College Sports

Given a chance, 49ers’ Ben DeLuca takes off with it

Charlotte 49ers safety Ben DeLuca has made an impact on the 49ers’ defensive secondary this season since becoming a starter three games ago.
Charlotte 49ers safety Ben DeLuca has made an impact on the 49ers’ defensive secondary this season since becoming a starter three games ago.

There was a time when people wondered if Charlotte 49ers safety Ben DeLuca had what it took to play football.

As a high school freshman who stood 5-foot-5 and weighed 135 pounds, he was told he didn’t have the size or strength to play, yet he was on the field at game time.

That was five years ago. DeLuca’s now 6-2 and 192 pounds, but he still remembers those early days in high school – and the comments.

“No one ever really gave me a chance,” said DeLuca, a starter for the 49ers as a freshman. “I was always the underdog growing up. I was smaller and slower. I wasn’t big enough. And a lot of people didn’t believe I was fast enough or big enough to play in college.

“That’s one of my biggest motivating factors – people telling me that I wasn’t able to do it. It still motivates me today.”

DeLuca started his high school career at Orlando’s Lake Mary Prep, which shut down its football program after his freshman year. He and teammates Rayshad Lewis and Robert Cheathem transferred to Bishop Moore Catholic High.

“I was 5-8 when I went to Bishop Moore,” he said. “I had a few more growth spurts during the summers.”

By DeLuca’s junior year, he was 6-1 and 185 pounds. That season, in 2014, he had four interceptions (second best on the team behind Lewis’ seven picks) and a team-leading 103 tackles. The next season, DeLuca again led the team in tackles (127) and had four interceptions.

That put him on the college recruiters’ radar, with scholarship offers from Florida Atlantic, Coastal Carolina, Charleston Southern, Liberty and Charlotte. In fact, the 49ers signed DeLuca and Cheathem, who is redshirting this season.

Even then, DeLuca said he had doubters.

“A lot of people didn’t think my skill set would transition over to college,” he said. “People didn’t think I could have a big effect in the college game.”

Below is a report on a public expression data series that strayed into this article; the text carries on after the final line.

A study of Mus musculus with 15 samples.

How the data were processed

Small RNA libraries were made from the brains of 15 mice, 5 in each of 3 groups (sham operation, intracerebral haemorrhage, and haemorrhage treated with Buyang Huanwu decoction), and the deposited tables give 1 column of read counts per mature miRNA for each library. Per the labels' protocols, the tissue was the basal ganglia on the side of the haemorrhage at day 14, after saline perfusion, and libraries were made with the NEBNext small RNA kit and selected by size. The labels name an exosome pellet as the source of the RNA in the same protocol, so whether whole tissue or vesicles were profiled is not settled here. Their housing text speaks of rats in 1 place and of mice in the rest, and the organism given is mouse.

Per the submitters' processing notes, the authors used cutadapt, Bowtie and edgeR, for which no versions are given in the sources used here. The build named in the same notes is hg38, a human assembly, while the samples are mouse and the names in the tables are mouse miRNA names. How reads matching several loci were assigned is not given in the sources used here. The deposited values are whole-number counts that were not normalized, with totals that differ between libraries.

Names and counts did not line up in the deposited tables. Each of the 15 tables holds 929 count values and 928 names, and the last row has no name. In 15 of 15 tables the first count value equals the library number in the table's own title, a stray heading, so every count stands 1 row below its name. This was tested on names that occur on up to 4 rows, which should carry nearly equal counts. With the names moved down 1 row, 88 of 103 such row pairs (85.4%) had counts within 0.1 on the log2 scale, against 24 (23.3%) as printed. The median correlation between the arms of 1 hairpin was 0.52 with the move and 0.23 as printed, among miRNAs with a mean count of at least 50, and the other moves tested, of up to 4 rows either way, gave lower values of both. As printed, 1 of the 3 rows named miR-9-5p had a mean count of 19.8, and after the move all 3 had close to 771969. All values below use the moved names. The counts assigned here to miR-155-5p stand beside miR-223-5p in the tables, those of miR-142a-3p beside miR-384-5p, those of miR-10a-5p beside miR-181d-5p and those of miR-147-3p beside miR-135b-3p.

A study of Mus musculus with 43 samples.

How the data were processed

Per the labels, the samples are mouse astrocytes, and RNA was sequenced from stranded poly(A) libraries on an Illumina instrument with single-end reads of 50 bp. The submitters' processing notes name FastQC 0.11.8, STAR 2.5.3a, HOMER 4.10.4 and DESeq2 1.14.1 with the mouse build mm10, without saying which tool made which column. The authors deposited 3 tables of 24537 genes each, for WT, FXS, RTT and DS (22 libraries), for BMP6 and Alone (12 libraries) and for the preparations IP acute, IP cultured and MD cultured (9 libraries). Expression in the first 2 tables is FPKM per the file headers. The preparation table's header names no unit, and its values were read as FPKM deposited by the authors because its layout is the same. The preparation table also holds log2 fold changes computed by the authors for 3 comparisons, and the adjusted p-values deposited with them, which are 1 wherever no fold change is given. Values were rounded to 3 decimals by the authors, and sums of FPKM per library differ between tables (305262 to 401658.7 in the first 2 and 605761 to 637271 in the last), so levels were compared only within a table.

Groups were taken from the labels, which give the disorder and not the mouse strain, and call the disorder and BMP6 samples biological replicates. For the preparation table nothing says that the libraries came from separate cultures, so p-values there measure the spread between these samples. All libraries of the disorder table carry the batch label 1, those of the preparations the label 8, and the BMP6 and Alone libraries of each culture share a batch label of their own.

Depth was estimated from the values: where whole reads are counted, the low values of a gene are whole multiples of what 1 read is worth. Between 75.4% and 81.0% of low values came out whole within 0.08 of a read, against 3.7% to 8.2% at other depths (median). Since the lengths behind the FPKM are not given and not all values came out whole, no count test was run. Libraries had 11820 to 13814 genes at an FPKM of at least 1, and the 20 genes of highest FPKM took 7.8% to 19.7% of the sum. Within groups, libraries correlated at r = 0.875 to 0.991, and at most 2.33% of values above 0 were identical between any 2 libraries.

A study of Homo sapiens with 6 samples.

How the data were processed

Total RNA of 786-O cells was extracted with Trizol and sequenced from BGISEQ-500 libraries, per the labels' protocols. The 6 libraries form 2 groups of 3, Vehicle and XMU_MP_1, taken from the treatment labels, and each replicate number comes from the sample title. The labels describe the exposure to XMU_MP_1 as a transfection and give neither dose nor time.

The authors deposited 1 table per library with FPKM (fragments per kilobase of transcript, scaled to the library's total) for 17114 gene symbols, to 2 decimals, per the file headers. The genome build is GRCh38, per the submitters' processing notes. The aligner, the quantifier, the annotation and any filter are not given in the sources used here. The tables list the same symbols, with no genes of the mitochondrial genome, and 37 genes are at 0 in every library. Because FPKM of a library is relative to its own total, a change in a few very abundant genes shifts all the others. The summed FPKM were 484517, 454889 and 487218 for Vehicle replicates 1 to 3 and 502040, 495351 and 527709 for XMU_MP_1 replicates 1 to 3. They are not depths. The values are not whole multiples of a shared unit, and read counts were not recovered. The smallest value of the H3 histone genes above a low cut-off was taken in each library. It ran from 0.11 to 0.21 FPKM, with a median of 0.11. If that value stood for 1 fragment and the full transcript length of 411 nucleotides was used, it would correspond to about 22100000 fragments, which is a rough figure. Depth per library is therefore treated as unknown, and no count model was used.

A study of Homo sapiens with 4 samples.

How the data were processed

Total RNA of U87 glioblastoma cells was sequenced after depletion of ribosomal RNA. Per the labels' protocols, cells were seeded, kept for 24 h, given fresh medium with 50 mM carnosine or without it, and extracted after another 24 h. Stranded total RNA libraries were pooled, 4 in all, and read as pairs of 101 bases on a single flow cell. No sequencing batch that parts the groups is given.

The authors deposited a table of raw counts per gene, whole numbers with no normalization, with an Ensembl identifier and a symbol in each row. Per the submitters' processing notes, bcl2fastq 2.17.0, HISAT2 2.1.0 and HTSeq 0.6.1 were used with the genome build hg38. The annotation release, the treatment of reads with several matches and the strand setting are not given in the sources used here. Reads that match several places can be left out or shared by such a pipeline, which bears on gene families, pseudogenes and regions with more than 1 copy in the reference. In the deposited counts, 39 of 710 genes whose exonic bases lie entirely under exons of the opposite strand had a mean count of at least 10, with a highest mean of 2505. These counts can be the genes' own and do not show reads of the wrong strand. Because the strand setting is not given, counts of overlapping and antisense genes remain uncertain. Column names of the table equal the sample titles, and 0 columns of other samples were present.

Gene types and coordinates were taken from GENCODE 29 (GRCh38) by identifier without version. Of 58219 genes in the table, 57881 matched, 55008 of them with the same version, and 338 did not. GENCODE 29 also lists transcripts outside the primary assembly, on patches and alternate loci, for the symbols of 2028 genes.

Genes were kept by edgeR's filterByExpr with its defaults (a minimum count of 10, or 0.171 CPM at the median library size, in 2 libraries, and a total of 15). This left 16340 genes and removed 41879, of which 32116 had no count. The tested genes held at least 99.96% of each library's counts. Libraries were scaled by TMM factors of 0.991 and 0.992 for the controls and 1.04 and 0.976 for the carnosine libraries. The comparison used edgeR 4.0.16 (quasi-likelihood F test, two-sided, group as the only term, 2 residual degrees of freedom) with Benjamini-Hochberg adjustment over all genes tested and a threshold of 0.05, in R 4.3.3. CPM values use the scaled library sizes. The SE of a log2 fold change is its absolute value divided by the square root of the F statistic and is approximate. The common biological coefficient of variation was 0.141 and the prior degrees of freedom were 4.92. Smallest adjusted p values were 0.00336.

‘Competition breeds success’

However, DeLuca said he knew he was ready for college, simply because of daily high school competition.

Two defensive secondary teammates at Bishop Moore were sons of former NFL players. Lewis’ father is Ray Lewis, a former Baltimore Ravens middle linebacker and 10-time All Pro. Fellow safety Bobby Spitulski’s father is former Seattle Seahawks linebacker Bob Spitulski.

“We put a lot of players in college (from Bishop Moore),” DeLuca said. “Competition breeds success. Being around those players, I was really able to build off them.”

However, it was the elder Lewis who taught DeLuca a few off-the-field lessons about the game.

“Getting to be around Big Ray, he really taught me that no man should ever outwork you,” DeLuca said. “That’s always my goal – every time I step on the field, how can I outwork the next man? I’ll never be the best athlete on the field, but I know that one thing I can control is my effort and my attitude.

“That’s one thing I really try to work on, trying to outwork my next opponent or teammate. If I can outwork them, then that’s going to breed success because they’re going to want to compete with me, and we’re playing at a higher level.”

The college game

DeLuca’s effort has carried over to the 49ers, beginning with their summer workouts and practices leading up to the 2016 season.

At first, he didn’t know if he would be redshirted his freshman year; however, his goal was to play.

“Part of the reason I came here was I knew that coach (James) Adams (secondary coach), coach Wally (defensive coordinator Matt Wallerstedt) and coach (Brad) Lambert would give me the opportunity to play,” DeLuca said. “That’s all I’ve ever asked for.

“When I came in during the summer, getting to compete with the other players, getting to lift and run with them and compete in 7-on-7 (drills), I knew I was capable of playing at that level. I just wasn’t sure if I’d be given the opportunity.”

One thing that worked in DeLuca’s favor was the lack of depth at the safety position. Only one returnee, junior Markevis Davis, had seen playing time the previous season.

DeLuca quickly put any doubts to rest in the minds of Charlotte’s coaching staff.

“We try to redshirt as many freshmen as we can, just knowing that most come in not ready to go,” Adams said. “But we also try to get every freshman ready to play, ready to be the starter. In that process, he quickly rose to the top.

“We cracked the door open, but he kicked it off the hinges and hasn’t looked back.”

Stepping up

DeLuca has already had an impact in the secondary, even as a reserve.

In his second college game, against Elon on Sept. 10, DeLuca scooped up a fumble and returned it 59 yards for a touchdown.

He cracked Charlotte’s starting lineup in the fifth game, against Conference USA rival Old Dominion on Oct. 1, and has stayed there since through performance and effort.

Entering Saturday’s C-USA game against Marshall in Huntington, W.Va., DeLuca has picked off passes in two straight games (against Florida Atlantic and Florida International), and had a team-best 14 tackles in the win against Florida Atlantic.

“We’ve felt really good since he’s gotten here,” Lambert said. “He’s got a real knack for playing back there, so he’s really earned that right to start. He’s been very productive, and that’s what you look for. He hasn’t made a lot of mistakes – he’s made some, but not a lot.

“He’s a very intelligent football player, and he’s got good athleticism. He’s come in, worked extremely hard and put himself in this position.”